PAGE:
Helsinki’s local government finances remain strong, although rising expenditure is threatening the balance. The changing age structure and growing need for investments increase expenses. Growing tax revenue and land property income support future development. The pressure created by the ageing of the population falls on Helsinki’s economy, which is responsible for its own health and social services as a result of the health and social services reform.

The economies of Finland and Helsinki have already largely recovered from the COVID-19 pandemic that started in 2020, which is reflected in high employment rates and rising wages in Helsinki, among other things. However, 2022 proved to be another exceptional year. Russia’s attack on Ukraine had a significant impact on Helsinki as a business environment. The longer-term effects of the war on the geopolitical position of Helsinki, for example, are difficult to fully assess. Helsinki’s accessibility by air has deteriorated due to the Russian ban on overflights, which is having a negative impact on the development of tourism. The Finnish economy grew in 2022 thanks to a good start to the year, but the outlook for 2023 is already bleaker. Rapid inflation has undermined the purchasing power of households and the confidence of consumers and entrepreneurs in the economy, portending a decline in demand, company performance and employment rates. It is expected that the economy will resume slow growth in 2024.

Recovery from the COVID-19 pandemic is already well under way, but new major problems have emerged, notably rapid inflation and rising interest rates, as well as labour shortages in many sectors. Economic growth has slowed down and the economy entered a recession in spring 2023. However, the tax base in Helsinki is strong, as the diverse economic structure based on a high level of competence and the large proportion of high-income residents are likely to protect Helsinki from the worst blows.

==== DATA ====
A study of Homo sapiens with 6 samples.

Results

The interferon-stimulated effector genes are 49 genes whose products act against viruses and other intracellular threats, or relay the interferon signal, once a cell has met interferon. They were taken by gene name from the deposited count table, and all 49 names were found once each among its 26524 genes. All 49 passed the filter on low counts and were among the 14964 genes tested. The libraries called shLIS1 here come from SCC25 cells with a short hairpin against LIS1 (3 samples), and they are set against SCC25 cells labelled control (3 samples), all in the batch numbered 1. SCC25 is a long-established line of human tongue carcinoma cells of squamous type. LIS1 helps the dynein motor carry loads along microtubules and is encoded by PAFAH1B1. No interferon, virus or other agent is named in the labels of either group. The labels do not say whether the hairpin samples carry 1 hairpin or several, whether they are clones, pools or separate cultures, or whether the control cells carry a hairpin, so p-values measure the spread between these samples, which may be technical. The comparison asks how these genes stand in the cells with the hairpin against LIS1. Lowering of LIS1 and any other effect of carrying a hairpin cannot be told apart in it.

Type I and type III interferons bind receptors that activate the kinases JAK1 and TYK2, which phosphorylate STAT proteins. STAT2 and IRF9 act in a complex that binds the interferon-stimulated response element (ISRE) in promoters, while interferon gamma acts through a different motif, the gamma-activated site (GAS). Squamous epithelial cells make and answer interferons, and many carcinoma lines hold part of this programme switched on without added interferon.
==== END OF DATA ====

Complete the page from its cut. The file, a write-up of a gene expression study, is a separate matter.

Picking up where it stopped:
Livelihoods and employment

Helsinki’s challenges have to do with relative poverty caused by high living standards and costs, perceived income adequacy and increasing poverty of families with children. Helsinki is better placed than most other municipalities and cities in Finland to cope with future challenges, even though demographic changes are beginning to hamper growth in Helsinki, too.


The most important condition for the vitality of Helsinki is a well-functioning city. The bedrock of competitiveness is formed by high-quality services, cleanliness, accessibility, safety, liveliness, equality and other things that increase the quality of life of citizens. Every division and individual employee of the City of Helsinki influences the city’s vitality with their daily work.


Living neighbourhoods offer the opportunity for a good and active life, based on safe and pleasant living and urban space. Good planning and smooth movement ensure a well-functioning daily life. An inspiring, high-quality and diverse cultural life is a key part of the city’s vitality and comfort and essential for well-being.


Sustainable infrastructure is the foundation of the city. Helsinki should still invest especially in environmental health, climate-friendly and adaptive planning, promoting clean technologies and nature-based solutions.


Responsible procurement reduces negative environmental impacts and promotes positive impacts. The city will also be able to support the creation of responsible markets by leading the way in the development and implementation of new solutions that are energy- and material-efficient and promote the circular economy and the preservation of biodiversity.


Sustainability has been put at the forefront of the development of tourism, events and urban marketing in Helsinki. Responsibility is emphasised in the development of tourism and in the Roadmap for Events. In 2020–2021, Helsinki is also co-ordinating the Carbon-neutral Tourism project, whose the long-term goal is to contribute to reducing CO2 emissions and increasing energy efficiency in the tourism sector.


Here you’ll find graphic illustrations on how economic sustainability is advancing in Helsinki. You’ll find indicators by theme such as livelihoods and employment or sustainable infrastructure. The indicators are updated regularly as new data is collected.